US, Iraq Leaders Vow to Fight Al-Qaeda
TEHRAN (Tasnim) - US President Barack Obama and Iraqi Prime Minister Nouri al-Maliki discussed how to "push back" against al-Qaeda amid the deadliest surge of violence in Iraq in five years.
A statement issued by the two governments said both sides agreed that Iraqi forces urgently needed additional equipment, including attack helicopters to go with already ordered fighter jets to help its ill-equipped military battle armed groups.
"We had a lot of discussion about how we can work together to push back against that terrorist organisation that operates not only in Iraq but also poses a threat to the entire region and to the United States," Obama said.
Maliki did not say whether Washington had agreed to his requests. In a joint statement issued after the talks, both sides agreed on the need "for additional equipment for Iraqi forces to conduct ongoing operations in remote areas where terrorist camps are located".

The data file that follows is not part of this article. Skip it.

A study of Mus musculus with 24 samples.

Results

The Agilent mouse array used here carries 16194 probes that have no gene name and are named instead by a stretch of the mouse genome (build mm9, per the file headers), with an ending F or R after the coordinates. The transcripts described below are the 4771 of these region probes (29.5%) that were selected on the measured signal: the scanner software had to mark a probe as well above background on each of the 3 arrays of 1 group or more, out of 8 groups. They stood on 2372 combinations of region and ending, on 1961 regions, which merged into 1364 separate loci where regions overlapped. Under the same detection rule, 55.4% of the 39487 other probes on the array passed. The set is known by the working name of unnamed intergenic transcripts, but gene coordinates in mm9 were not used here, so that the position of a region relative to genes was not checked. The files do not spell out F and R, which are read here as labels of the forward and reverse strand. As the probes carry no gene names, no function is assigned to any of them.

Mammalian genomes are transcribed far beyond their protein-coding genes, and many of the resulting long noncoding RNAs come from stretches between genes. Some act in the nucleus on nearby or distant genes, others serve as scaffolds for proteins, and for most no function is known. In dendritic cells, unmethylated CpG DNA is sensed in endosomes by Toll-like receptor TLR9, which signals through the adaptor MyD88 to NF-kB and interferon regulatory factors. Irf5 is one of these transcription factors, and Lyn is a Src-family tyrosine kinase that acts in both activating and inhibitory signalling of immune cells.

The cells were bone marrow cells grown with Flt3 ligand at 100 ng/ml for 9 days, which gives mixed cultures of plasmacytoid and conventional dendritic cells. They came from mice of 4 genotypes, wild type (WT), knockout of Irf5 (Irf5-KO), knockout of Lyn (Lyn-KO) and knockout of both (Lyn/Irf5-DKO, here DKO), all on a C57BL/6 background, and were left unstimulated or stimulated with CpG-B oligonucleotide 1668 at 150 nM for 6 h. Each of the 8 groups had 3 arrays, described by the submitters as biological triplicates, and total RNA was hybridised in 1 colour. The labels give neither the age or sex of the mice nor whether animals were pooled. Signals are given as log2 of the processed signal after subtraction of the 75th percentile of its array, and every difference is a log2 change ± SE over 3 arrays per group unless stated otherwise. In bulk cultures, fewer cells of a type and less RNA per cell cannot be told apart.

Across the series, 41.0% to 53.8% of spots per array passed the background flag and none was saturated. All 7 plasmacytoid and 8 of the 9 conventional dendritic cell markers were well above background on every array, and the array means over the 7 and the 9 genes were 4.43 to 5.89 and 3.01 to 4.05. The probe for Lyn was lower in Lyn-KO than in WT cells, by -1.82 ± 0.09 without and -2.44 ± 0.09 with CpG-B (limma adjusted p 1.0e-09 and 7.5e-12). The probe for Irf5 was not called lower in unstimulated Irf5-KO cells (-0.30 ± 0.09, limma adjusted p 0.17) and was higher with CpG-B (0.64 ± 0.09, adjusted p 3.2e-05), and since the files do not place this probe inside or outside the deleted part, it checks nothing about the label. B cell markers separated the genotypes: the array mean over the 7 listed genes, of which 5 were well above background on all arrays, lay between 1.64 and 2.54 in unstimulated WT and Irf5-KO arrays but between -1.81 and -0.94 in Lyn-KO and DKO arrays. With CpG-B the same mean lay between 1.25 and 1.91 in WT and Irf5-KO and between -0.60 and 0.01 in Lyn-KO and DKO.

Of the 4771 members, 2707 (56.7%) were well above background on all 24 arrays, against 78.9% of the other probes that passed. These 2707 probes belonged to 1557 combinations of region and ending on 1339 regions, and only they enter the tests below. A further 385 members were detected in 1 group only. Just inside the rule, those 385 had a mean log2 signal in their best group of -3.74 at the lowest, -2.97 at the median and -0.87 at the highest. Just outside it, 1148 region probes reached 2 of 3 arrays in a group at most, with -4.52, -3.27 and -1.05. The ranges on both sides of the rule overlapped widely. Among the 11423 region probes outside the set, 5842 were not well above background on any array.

The statement also noted that both delegations backed the need for "aggressive political outreach" to isolate and defeat the terrorist groups operating in the country, Al Jazeera reported.
October was Iraq's deadliest month since April 2008, where nearly 1,000 people were killed and another 1,600 wounded, according to data from the Iraqi ministries of health, interior and defence. The vast majority of those killed were civilians.
Maliki is seeking increased military aid, such as the Apache helicopters, to help deal with the terrorist groups, but faces opposition on that front from some US lawmakers.
Six influential senators on Thursday took a hard line against Maliki, saying his mismanagement of Iraqi politics was contributing to the surge of violence.
Iraq has seen a spill-over of violence from the conflict in neighboring Syria, where extremist militants have risen to prominence.